WIND: Massachusetts is poised to be a part of an economic boom created by offshore wind, and activists want to ensure that low-income communities and people of color share in the prosperity. (Energy News Network)

ALSO: A Connecticut couple threatens legal action over a state siting board decision on a wind farm expansion, saying it will disrupt their vacation home. (Hartford Courant)

***SPONSORED LINK: Due to the coronavirus, the International Partnering Forum (IPF) has been divided into two parts. IPF Virtual, April 21-22, will deliver the most time-sensitive information on the U.S. offshore wind market. This virtual event is open to all IPF registered attendees. The in-person forum will take place at IPF Together, August 18-21 in Providence, Rhode Island. Attendees must register for IPF Together in August to gain access to IPF Virtual in April.***

COAL: Even though federal regulators gave a reprieve to power plants that burn waste coal, industry pricing trends suggest the resource has limited economic viability. (E&E News, subscription required)

OIL & GAS: As oil prices collapse, Pennsylvania faces a looming crisis of abandoned wells in the Allegheny National Forest. (Associated Press)

UTILITIES: Utility rate case timelines are extended and delayed by COVID-19 in the Northeast and nationally. (Platts)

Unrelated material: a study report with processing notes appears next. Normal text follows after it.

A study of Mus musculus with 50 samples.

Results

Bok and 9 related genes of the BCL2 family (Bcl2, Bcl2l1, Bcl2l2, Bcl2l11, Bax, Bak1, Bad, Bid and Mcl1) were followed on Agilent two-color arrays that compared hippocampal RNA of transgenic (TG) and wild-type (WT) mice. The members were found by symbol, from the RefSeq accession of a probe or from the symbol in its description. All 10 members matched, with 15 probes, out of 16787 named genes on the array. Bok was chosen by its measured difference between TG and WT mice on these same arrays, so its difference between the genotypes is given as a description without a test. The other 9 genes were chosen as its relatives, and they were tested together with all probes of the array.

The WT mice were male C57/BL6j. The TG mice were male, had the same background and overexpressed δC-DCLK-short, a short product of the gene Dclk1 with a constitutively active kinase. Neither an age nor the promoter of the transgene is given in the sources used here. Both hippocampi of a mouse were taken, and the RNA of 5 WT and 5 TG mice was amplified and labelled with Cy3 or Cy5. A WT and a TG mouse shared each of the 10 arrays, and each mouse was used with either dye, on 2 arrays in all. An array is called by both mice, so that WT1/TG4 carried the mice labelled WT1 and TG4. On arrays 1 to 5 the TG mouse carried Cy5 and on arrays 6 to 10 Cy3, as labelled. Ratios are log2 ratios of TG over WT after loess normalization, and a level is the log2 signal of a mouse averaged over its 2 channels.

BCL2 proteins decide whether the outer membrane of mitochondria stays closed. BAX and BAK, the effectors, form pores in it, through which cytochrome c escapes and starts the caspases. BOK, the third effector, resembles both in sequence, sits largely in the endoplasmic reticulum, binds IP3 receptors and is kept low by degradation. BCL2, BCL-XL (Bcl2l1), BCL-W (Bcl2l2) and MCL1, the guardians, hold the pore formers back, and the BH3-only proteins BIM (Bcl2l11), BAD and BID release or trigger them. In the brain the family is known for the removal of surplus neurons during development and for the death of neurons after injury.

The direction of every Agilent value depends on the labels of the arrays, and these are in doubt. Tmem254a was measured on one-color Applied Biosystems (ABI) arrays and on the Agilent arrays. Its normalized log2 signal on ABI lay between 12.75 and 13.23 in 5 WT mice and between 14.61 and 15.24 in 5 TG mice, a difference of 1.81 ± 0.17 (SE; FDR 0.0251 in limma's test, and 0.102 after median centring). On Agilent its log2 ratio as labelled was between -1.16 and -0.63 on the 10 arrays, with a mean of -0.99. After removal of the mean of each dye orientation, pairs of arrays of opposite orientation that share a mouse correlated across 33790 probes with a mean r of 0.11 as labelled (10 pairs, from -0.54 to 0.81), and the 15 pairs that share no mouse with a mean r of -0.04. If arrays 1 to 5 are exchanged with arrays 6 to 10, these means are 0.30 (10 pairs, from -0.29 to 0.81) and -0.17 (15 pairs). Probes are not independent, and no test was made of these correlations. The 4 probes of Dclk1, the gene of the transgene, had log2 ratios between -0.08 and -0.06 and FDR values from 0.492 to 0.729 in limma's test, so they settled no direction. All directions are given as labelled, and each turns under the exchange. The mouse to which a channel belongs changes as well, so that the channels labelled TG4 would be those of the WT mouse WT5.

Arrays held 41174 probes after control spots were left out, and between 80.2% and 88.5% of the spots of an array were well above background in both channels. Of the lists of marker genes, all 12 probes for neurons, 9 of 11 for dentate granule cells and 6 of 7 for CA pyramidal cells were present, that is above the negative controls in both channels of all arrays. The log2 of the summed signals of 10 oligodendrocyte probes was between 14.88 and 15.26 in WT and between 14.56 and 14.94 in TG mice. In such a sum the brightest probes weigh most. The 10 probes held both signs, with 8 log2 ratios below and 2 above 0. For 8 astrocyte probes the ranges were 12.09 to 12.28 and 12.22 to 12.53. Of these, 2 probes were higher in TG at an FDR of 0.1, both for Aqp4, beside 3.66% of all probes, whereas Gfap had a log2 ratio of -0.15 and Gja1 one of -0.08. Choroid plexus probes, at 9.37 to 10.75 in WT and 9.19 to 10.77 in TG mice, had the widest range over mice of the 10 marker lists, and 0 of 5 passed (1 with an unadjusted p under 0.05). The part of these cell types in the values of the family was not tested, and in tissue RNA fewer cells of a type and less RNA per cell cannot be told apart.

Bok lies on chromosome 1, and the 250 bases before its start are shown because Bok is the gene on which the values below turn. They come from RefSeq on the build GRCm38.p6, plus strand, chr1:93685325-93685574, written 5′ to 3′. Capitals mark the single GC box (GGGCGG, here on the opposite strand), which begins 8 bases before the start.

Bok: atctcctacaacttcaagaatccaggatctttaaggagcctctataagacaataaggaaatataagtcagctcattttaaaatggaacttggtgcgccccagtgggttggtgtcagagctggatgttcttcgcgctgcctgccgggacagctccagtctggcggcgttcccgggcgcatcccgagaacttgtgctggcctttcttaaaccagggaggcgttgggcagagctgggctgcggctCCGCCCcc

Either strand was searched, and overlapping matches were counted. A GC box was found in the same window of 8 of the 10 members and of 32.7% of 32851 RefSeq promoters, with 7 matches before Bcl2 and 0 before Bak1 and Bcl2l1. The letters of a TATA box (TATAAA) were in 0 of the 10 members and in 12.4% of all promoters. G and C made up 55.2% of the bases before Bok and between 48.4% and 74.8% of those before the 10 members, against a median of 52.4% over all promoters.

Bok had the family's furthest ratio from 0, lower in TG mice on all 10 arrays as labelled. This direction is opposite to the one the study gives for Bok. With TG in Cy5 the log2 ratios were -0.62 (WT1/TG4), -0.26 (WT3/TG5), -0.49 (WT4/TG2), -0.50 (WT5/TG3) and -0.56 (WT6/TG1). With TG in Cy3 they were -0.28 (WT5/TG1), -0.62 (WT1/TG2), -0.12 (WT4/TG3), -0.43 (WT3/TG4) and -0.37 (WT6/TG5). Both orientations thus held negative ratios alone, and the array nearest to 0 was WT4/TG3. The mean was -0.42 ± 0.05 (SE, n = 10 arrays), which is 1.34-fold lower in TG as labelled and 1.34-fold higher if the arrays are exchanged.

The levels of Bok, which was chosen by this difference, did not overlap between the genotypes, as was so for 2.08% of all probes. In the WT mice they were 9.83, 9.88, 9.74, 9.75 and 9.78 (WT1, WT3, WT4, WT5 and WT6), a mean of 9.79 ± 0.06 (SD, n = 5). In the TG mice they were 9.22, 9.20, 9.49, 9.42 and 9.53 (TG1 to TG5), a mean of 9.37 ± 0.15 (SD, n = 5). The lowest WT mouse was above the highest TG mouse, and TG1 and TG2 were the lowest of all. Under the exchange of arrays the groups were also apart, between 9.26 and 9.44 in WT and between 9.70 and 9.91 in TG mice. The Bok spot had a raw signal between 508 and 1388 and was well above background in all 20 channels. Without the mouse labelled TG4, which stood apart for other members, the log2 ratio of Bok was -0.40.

• Maine Audubon investigates how to use Geographic Information Systems to build solar projects in areas that cause the least environmental impact. (Bangor Daily News)
• Critics of Massachusetts’ Clean Peak Standard say the policy merely provides incentives to behind-the-meter storage and does not provide price signals of the best time to dispatch the energy. (PV Magazine)

RENEWABLE ENERGY: A developer proposes a $142 million “green diesel” plant in eastern Pennsylvania to produce fuel from cellulose-based products like paper and wood pallets. (The Mercury)

GRID: New York’s grid operator says declines in electricity demand in New York City reached 18% and also fell in other parts of the state in the first weeks of the coronavirus pandemic. (Greentech Media)

STORAGE: An innovative zinc-air battery storage demonstration project in New York is on track during the pandemic with an agreement with the building owner expected soon. (

SUSTAINABILITY: A new dormitory at the Rhode Island School of Design utilizes a new timber-based construction technology that has lower emissions than concrete or steel. (Providence Journal)


COMMENTARY: An editorialist says Pennsylvania’s decision to classify some of the Mariner East construction as “life-sustaining” when it granted a waiver to continue construction makes no sense. (Unionville Times)

Bill is a freelance journalist based outside Albany, New York. As a former New England correspondent for RTO Insider, he has written about energy for newspapers, magazines and other publications for more than 20 years. He has an extensive career in trade publications and newspapers, mostly focused on the utility sector, covering such issues as restructuring, renewable energy and consumer affairs. Bill covers Maine, Vermont and New Hampshire and also compiles the Northeast Energy News daily email digest.